Scientists in China have managed to grow a yield of unique rice that could potentially feed over 200 million people.

The research was conducted at the Saline-Alkali Tolerant Rice Research and Development Centre in Qingdao, Shandong, where 6.5 to 9.3 tonnes of the food was grown in saltwater.

These results are better than expected as scientist initially only hoped to produce around 4.5 tonnes of the rice per hectare.

The rice, which has been named "Yuan Mi," was grown using seawater from The Yellow Sea, in north east China. This water was diluted and pumped into paddy's on a beach, rather than a field.

China has around one million square kilometres of waste land that is high in salinity and alkalinity levels.

This breakthrough means the country could potentially use this waste land and produce 50 million tonnes of rice - which could feed 200 million people.

That stat comes from Yuan Longping, an Agricultural scientist who has earned the nickname "China's father of hybrid rice."

He believes that if a tenth of the areas with a similar type of soil were planted with this type of rice then China could increase its rice production by 20 per cent.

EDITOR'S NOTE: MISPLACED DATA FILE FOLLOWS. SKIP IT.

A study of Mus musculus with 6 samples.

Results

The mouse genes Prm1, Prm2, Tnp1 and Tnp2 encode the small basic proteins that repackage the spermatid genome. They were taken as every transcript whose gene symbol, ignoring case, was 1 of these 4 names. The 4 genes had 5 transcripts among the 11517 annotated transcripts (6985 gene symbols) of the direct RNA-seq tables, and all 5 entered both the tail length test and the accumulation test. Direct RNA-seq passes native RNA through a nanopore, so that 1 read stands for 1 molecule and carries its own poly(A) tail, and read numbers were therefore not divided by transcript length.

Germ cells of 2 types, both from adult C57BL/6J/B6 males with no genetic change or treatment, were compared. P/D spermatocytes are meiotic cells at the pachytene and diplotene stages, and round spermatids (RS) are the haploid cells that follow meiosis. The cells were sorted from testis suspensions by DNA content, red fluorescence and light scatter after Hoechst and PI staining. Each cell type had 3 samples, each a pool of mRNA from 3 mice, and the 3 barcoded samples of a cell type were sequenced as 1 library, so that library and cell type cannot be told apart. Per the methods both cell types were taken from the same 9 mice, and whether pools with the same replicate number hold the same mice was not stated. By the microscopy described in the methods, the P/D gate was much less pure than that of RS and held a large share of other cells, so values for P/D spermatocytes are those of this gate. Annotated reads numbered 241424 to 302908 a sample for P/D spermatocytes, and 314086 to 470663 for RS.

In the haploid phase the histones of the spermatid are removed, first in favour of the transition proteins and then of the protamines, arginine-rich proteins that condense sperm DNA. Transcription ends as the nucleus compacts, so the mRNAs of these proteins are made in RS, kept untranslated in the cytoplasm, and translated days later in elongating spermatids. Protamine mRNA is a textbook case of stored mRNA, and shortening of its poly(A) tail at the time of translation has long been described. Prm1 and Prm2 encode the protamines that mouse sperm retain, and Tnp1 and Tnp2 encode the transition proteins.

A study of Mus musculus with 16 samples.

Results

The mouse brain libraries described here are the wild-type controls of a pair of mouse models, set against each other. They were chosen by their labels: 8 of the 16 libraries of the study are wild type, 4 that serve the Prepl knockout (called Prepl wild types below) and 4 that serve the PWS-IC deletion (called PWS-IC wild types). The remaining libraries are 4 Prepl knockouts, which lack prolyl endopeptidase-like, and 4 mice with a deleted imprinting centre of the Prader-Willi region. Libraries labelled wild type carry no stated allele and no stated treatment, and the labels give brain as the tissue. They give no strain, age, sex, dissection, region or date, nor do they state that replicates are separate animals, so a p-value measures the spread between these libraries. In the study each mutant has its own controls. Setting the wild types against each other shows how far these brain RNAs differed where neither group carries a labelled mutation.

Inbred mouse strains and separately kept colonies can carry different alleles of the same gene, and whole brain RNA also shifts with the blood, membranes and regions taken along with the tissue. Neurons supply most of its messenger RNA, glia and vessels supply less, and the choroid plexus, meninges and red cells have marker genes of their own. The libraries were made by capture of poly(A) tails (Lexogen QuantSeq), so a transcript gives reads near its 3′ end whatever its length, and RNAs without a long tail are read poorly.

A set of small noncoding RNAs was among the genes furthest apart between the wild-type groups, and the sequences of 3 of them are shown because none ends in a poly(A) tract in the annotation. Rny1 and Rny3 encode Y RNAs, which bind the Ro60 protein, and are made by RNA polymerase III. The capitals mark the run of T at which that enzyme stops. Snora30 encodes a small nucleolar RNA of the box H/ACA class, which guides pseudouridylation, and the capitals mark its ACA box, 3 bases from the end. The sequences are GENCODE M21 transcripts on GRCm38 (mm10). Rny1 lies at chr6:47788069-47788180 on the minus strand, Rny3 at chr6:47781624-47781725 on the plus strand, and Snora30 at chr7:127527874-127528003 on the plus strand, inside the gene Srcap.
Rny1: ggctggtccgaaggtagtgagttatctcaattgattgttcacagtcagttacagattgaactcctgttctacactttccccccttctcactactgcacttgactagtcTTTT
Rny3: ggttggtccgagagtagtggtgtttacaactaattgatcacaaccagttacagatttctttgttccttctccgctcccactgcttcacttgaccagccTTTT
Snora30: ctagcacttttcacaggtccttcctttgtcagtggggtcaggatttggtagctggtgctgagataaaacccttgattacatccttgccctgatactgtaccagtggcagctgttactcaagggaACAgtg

It even tastes good!

Ning Meng was presented with a bag of "Yuan Mi" by her boyfriend and told South China Morning Post:

I could tell one grain from the other in my mouth. My boyfriend said it was like the braised rice he had back in his village. It is very good."

The rice could be rich in calcium and other micronutrients, which are common in saline water.

While the salt within its makeup could also indicate an ability to propel pathogenic bacteria.

This means sea water rice would be less exposed to bugs which in turn would discourage farmers from using pesticides.

There is a catch though. "Yuan Mi" comes with the hefty price tag of 50 yuan (£5.72) per kg, which is eight times the cost of regular rice and is sold in packs weighing 1kg, 2kg, 5kg and 10kg.

That hasn't completely deterred shoppers though as nearly 1,000 people ordered the rice just last month, with six tonnes being sold in August.

A sales manager from Yuan Ce, a startup working closely with Longping's team said:

"Our sales revenue target is 10 million yuan by the end of this year."